Teen caused chaos by tapping into Edinburgh Airport radio frequencies as ‘prank’

Corrigan interefered with the air traffic control frequency at Edinburgh Airport. Picture: Ian Georgeson

Corrigan interefered with the air traffic control frequency at Edinburgh Airport. Picture: Ian Georgeson

A young man wreaked havoc on the operation of planes, trains, a hospital and a shopping centre in Edinburgh, by blocking their radio frequencies, in what was described as “a juvenile prank”.

Jamie Corrigan, now 24, was 17 years old when he began tapping into the radio frequencies, from equipment in his bedroom, of Air Traffic Control at Edinburgh Airport, Network Rail, Edinburgh Royal Infirmary, Edinburgh Castle, NSL Services Group, and Westside and Cameron Toll Shopping Centres, between June 1, 2014, and February, 2015.

Corrigan, of Niddrie House Square, pleaded guilty previously at the city’s Sheriff Court to charges of culpable and reckless conduct by making repeated radio transmissions which caused fear and alarm, potential endangerment and making abusive and offensive remarks.

Today, he was has been placed on a six month Restriction of Liberty Order to remain in his home between 10pm and 6am and had his radio equipment forfeited.

Corrigan’s calls on the frequency of Air Traffic Control at Edinburgh Airport interfered with the safe movement of aircraft and emergency vehicles, compromising the overall safety of the airport. Network Rail suffered sounds of an alarm and offensive remarks and, on one occasion, an attempt to redirect moving trains, interfering with the safe movement of rail stock. Edinburgh Castle received a call implying there was an explosive device there.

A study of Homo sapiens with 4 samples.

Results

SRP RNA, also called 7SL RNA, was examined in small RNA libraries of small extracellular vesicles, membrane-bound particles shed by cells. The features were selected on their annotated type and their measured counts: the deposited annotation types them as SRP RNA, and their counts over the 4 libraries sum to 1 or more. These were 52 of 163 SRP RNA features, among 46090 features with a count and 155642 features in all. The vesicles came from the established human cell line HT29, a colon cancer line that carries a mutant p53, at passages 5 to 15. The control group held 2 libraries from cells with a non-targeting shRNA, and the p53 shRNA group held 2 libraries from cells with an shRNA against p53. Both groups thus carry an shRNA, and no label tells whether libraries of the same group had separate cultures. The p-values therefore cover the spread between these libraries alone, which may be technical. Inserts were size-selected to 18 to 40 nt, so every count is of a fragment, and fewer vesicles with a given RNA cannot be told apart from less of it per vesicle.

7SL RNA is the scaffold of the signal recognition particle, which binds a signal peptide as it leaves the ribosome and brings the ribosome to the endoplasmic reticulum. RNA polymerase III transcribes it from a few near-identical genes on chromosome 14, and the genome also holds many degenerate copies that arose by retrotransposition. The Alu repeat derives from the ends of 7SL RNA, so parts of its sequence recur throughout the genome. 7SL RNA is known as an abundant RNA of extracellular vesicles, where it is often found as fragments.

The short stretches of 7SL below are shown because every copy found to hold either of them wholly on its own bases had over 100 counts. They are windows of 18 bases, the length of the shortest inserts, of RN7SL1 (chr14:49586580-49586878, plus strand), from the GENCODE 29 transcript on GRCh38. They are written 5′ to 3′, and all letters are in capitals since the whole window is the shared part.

Calls to the Royal Infirmary interfered with the movement of medical staff and equipment. NSL Services Group received repeated transmissions uttering threats of violence and sexually abusive and offensive remarks and the two shopping centres were plagued with offensive and abusive remarks, with one call to the Westside Centre preventing security guards contacting the emergency services for an injured person.

At an earlier hearing of the case, defence solicitor Andrew Houston told Sheriff Frank Crowe that Corrigan had “perceived it as juvenile pranking” and was “uncomfortable and embarrassed about what he had done and didn’t want to acknowledge the seriousness of his actions”.

Sheriff Crowe described it as outrageous conduct and added: “I am extremely concerned about the whole thing”.

Today, Mr Houston said the Criminal Social Justice Report showed his client had a complex psychological history.

“He does realise these offences harmed people, but finds it extremely difficult to express himself in certain situations”.

His client, he said, had an appointment with a representative of the Prince’s Trust next week to see if anything could be done to use his skills. He pointed out there had been no further concerning behaviour for two years and that The Crown had kept his client’s radio equipment since March 2015. Fiscal Depute, Nicole Lavelle moved that the equipment be forfeited.

Sheriff Crowe said he would like to encourage Corrigan to co-operate with the Trust rather than do mindless unpaid hours of work. “He needs to be doing something intellectual” he said. The Sheriff ordered the forfeiture of all the radio equipment apart from three lap tops and two sets of headphones. He will review the Restriction of Liberty Order in December.